A 401(k) is a great way to save for retirement, especially if your employer matches your contributions. As you know, however, the federal government limits people to $18,000 per year (or $24,000 per year for the 50+ crowd). For most Americans, saving that amount of money every year quickly establishes a nice retirement nest egg.
But what do you do if you have more money to save? Luckily, there are other options.
If you qualify, the best option is to add money to a Roth IRA after you max out your employer’s 401(k) contribution. With a Roth IRA, the contributions are made after taxes, but you don’t have to pay taxes in the future. Conversely, while you don’t pay taxes on the income placed in a 401(k), you will have to pay taxes when you cash in. This benefit takes priority after the free money of an employer contribution.
A traditional IRA is a type of tax-deferred retirement savings account that allows you to save on taxes in 3 ways: the money you deposit isn’t taxed, the earnings you make aren’t taxed, and you can subtract the contribution amount from your income and pay lower federal taxes.
Health Savings Accounts
These are only available if you have a high deductible health insurance plan and are technically intended to pay medical expenses, but they can become a source of retirement income. Contributions are tax-deductible, and the distributions for qualified health expenses may be tax-free. With an HSA, you can save another $3,400 a year (or $6,750 for family coverage).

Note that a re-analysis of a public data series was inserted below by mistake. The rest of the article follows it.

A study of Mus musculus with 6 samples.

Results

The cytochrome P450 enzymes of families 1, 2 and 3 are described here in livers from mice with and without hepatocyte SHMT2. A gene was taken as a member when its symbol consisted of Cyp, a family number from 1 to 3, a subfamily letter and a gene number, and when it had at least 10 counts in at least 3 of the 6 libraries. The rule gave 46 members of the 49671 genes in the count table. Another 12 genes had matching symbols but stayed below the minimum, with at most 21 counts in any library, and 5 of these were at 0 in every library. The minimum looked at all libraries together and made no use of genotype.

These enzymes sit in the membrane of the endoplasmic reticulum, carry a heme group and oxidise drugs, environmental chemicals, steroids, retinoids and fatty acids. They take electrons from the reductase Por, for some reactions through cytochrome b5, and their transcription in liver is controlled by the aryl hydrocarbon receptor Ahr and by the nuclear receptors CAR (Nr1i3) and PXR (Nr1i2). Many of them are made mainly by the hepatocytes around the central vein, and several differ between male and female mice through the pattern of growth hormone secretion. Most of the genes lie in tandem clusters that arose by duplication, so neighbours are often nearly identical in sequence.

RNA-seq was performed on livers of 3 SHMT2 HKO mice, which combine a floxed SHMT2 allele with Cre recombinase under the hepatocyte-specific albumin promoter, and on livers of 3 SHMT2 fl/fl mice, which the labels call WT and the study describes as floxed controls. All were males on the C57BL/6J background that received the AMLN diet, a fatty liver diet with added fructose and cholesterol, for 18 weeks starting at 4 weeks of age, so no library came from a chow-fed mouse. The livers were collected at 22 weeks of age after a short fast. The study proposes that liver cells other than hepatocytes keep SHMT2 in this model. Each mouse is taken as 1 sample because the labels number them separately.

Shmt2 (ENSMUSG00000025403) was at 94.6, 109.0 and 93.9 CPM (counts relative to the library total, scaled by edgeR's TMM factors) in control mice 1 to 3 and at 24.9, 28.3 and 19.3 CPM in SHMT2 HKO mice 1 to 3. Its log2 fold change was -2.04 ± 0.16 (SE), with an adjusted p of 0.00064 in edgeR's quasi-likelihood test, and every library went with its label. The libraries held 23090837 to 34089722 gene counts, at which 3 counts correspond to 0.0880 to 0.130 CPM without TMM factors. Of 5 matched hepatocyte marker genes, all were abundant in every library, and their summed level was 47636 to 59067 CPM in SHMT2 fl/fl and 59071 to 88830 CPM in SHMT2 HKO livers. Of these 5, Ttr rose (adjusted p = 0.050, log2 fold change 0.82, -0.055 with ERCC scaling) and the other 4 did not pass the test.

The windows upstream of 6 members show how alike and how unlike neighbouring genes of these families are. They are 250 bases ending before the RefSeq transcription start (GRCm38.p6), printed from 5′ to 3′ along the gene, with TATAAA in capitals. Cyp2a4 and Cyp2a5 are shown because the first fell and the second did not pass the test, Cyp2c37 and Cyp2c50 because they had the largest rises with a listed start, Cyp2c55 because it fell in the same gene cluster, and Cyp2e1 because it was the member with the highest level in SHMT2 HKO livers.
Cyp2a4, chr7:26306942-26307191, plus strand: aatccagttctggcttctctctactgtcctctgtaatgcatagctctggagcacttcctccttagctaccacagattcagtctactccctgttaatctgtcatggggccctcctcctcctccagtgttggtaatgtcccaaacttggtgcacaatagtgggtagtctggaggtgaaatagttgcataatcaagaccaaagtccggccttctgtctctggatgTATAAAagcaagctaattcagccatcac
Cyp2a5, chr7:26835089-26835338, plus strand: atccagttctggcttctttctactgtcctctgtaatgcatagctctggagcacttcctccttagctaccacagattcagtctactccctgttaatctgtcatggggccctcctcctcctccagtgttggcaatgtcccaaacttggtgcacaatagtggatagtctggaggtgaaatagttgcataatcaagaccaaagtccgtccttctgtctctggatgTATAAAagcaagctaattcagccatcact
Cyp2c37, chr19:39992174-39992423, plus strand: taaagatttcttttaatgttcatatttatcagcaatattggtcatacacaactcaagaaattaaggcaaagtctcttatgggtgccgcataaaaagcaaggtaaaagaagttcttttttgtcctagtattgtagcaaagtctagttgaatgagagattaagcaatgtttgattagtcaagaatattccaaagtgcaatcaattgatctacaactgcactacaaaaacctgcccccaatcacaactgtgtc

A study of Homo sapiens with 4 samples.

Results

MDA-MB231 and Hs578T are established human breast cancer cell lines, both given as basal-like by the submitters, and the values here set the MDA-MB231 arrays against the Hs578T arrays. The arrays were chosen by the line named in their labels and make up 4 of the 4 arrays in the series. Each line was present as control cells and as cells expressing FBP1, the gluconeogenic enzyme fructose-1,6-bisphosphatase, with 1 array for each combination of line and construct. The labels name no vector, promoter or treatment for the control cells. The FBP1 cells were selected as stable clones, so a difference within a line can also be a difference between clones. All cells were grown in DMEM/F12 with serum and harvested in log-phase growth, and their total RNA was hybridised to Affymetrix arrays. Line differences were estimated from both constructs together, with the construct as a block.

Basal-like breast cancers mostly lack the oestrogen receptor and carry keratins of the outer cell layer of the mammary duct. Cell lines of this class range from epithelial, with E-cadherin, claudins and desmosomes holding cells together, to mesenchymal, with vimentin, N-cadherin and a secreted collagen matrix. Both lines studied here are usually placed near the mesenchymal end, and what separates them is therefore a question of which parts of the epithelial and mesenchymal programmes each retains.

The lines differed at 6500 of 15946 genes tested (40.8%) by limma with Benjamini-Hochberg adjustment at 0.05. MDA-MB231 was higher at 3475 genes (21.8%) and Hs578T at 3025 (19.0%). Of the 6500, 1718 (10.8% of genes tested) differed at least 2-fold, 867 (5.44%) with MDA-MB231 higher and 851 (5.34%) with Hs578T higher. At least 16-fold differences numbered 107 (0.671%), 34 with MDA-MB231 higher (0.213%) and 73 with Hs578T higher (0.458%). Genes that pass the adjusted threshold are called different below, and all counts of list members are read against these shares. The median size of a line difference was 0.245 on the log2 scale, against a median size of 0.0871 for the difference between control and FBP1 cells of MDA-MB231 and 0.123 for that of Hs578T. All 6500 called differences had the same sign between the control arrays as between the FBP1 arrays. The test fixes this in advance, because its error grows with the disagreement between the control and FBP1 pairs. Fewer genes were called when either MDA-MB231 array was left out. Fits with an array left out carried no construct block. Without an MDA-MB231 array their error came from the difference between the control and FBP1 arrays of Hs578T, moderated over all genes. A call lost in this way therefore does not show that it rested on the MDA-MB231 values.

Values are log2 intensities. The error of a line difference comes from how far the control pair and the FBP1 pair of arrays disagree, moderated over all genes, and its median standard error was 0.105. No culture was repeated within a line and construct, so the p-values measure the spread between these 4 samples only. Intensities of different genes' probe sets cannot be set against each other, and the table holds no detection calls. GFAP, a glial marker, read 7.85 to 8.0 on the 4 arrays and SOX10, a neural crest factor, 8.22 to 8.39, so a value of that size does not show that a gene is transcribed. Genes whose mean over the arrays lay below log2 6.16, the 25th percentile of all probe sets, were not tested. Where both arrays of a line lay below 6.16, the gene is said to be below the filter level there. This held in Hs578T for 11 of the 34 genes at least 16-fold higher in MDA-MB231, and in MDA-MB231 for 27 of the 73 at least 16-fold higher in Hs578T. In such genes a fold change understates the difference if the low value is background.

Taxable Investment Accounts
A standard brokerage account doesn’t have the tax benefits of IRAs, 401(k)s, or HSAs, and you may have to pay capital gains tax. Regardless, the potential growth of this type of investment account can quickly overshadow the benefits of the others. Moreover, you have a wider selection of options and much more freedom with a brokerage investment account.
But BEWARE Nondeductible IRAs
With a nondeductible IRA, you can’t deduct your contribution from your income taxes – that is, the money you contribute doesn’t lower your taxable income and offers zero income tax breaks. Our advice is to avoid this type of IRA, especially with so many better options available.
If you have more questions about saving for retirement or questions about other money-related topics, feel free to contact us.